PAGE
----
Thursday, July 9, 2009
How does it feel to get measured for a radiation mask?
After getting an intravenous infusion of radioactive glucose, I disrobed and lay on a metal table with a scan machine at my head. One technician draped me with four warmed blankets. Another technician boiled a water solution and dipped a thirty-inch square of plastic mesh into the solution to soften.
“Are you claustrophobic?” one technician asked.
“I am afraid of radiation. I have hidden from doctors and treatment for the past nine months,” I answered.
She looked at my chart. “You were diagnosed in October and this is June.”
“I told you. I am afraid.”
She was concerned that I had not taken tranquilizers.
I continued, “My nose is running. I won't be able to breathe through my nose and will suffocate in the mask.” She told me I could part my lips just enough to let air into my mouth. I felt a wave of panic subside.
The technician took the plastic mesh out of the hot solution with tongs, held it to allow it to drip and then gently draped it over the top half of my head, my face, ears, and entire throat. The intense shock of the heat on my face was like that of my hot tub when I first step in and submerge up to my neck. Just as I wonder if I am going to scald, I get used to the heat. The plastic cooled down quickly. Two technicians massaged the plastic to conform to every curve it enveloped and then stood quietly by my side as it hardened. After ten minutes, they removed the mask and allowed me to rest while they took it away for processing.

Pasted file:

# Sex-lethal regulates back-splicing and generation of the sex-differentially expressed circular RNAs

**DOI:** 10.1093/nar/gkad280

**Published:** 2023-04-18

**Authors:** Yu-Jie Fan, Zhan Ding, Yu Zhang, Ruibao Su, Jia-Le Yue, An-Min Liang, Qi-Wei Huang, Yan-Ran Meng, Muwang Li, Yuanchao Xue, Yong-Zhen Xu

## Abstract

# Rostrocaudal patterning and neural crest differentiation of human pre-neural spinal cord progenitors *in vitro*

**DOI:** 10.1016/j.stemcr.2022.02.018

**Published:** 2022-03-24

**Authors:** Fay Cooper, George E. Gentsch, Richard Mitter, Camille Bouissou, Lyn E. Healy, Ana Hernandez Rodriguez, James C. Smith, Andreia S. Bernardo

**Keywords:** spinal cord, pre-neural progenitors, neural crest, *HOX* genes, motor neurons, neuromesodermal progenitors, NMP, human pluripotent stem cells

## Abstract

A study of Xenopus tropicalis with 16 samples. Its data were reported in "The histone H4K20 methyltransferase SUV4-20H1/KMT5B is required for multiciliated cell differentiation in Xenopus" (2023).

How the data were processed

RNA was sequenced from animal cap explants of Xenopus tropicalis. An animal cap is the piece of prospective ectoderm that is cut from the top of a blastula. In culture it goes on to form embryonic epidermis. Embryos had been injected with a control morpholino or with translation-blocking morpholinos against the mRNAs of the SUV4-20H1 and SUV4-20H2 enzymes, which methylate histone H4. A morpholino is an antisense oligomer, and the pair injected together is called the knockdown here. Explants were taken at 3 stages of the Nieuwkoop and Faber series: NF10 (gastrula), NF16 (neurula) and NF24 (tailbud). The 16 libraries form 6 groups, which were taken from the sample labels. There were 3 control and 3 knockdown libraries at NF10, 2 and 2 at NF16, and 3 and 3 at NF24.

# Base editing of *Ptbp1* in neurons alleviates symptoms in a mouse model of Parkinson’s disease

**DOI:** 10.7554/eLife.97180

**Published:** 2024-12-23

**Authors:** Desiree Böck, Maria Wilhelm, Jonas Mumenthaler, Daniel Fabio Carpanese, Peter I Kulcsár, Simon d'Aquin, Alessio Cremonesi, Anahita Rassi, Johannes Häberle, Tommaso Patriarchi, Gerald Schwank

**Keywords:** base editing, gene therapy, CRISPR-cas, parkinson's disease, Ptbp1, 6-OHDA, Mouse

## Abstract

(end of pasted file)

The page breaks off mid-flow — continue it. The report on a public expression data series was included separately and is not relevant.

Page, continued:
When the technician returned, she held the mask in front of my face and introduced me to myself. It was a perfect mold, one that captured the pointiness of my nose and the “O” of my slightly parted lips. My chin was lifted up high to expose the complete length of my neck, the primary target. The plastic mesh was framed in a flange of metal with holes. It was time to put it on. I lay back onto the table and rested my neck on a platform so that when my head fell back to touch the table, the platform dug into my neck, immediately aggravating me and putting me on an inner defensive. They strapped down my shoulders so they could not move. Next they put a sloped knee rest under my knees to relieve the pressure on my back and then banded my feet together. Only my hands were mobile.
When the technician encased the edge of the mask in metal, she needed to fold its edge under, which made the mask smaller. She fitted the mask onto my head and neck and fastened it to the table with four bolts. No movement whatsoever was possible, not the flutter of an eyelash. I was imprisoned. The first wave of panic churned my stomach and sent chills down my legs. As it rose, my heart raced. I heard it thumping in my ears, but the sound didn’t release through the mask, rather echoed through my head louder and louder. My breathing began to speed up, and I couldn’t get enough air. It was like an unsatisfying yawn that doesn’t reach deeply enough to release the tension and demands second and third yawns. However I was not able to yawn. I was indeed going to suffocate.